Apps are a buzzword that denotes computer programs and applications that lead users into an immersive portal. With thousands of nutrition- and food-related apps available, it’s easy to feel overwhelmed and drowned with information. In October 2012 there were more than 700,000 apps available for smartphones with over 25 billion downloads reported at online app stores.
How do I know if my nutrition app is providing me with research-based information? Where can I find information about whether an app is a good one?
It helps to narrow down what you’re looking for: Do you want something to help you plan healthy meals, or are you more interested in tracking calories, managing blood sugar or finding restaurants that serve gluten-free food? Once you have narrowed down what kind of information you’re looking for specifically, talk to your friends about the apps they use and what they like or don’t like about them. If they say they like their app but that it’s clunky or otherwise cumbersome, search around for other options that offer the same type of information and test them yourself.
As for making sure the food- or nutrition-related content is accurate, nothing beats guidance from a registered dietitian. If your health plan offers dietetic services or nutrition coaching, it might not be a bad idea to sign up for a session or two and, during your consult, inquire about recommended apps.
If that seems a bit much, you can take a look online at apps reviewed by the Academy of Nutrition and Dietetics, the professional organization for registered dietitians.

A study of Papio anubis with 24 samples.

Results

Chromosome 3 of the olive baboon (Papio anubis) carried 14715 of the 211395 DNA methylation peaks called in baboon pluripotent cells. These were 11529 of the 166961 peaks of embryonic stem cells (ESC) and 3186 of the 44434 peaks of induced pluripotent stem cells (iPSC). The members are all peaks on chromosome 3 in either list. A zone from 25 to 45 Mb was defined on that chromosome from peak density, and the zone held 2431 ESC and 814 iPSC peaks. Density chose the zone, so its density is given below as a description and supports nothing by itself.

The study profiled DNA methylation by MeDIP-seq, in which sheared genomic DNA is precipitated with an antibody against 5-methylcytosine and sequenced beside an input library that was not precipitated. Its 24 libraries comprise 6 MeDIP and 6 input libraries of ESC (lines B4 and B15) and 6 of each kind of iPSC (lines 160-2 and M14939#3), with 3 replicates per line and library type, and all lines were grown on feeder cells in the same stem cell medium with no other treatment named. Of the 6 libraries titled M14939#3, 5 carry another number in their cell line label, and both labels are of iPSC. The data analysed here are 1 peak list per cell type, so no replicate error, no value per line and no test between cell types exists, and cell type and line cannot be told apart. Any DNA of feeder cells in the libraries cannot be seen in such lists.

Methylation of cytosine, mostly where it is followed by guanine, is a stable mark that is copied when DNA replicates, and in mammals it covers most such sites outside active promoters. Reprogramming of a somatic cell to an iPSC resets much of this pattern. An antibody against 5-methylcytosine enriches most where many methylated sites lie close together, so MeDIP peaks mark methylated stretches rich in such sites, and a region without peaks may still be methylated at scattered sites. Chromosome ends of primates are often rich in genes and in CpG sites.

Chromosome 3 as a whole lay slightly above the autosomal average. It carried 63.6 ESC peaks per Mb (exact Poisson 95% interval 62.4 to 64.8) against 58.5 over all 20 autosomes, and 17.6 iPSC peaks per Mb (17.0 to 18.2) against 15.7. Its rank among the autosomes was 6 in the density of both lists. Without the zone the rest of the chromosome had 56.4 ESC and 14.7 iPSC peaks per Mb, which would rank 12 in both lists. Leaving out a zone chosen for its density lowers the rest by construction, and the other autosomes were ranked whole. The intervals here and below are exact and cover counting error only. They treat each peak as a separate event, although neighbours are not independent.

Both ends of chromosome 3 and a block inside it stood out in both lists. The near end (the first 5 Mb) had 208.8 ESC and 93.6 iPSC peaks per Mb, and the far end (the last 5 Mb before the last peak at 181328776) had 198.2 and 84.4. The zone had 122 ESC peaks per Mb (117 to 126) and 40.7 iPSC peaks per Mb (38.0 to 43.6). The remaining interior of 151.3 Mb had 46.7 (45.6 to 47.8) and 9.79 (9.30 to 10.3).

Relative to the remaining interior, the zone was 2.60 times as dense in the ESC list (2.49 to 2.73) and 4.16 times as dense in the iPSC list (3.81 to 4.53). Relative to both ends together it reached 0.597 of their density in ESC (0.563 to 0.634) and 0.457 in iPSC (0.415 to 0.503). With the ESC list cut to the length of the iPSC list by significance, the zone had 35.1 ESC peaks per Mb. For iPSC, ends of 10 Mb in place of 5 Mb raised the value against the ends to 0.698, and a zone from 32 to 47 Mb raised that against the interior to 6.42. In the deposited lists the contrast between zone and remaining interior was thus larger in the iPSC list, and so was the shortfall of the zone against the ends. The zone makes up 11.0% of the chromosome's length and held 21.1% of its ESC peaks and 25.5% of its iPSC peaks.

Academy dietitians started reviewing apps in late 2011, and their initial offerings, grouped under the categories of “Diabetes,” “Gluten-Free” and “Weight Management,” are online at the organization’s website, http://www.eatright.org/appreviews/. These apps, all available to download free and primarily geared for smartphones, are listed in alphabetical order under each category. You can scan the initial listing quickly to see how well each app rates on the Academy’s 1- to 5-star scale.
Since its initial review, the Academy has continued to review apps and list reviews on its Food and Nutrition magazine website, http://www.foodandnutrition.org/Nutrition-Apps/. Each review details an app’s pros and cons, as well as the dietitians’ rating and feedback. The apps are listed in reverse-chronological order — that is, the most recently reviewed apps are at the top.
Margaret Jenkins is Director and Family and Consumer Science Educator for the Ohio State University Extension Clermont County, an active member of Clermont CAN. Visit www.clermont.osu.edu for more information.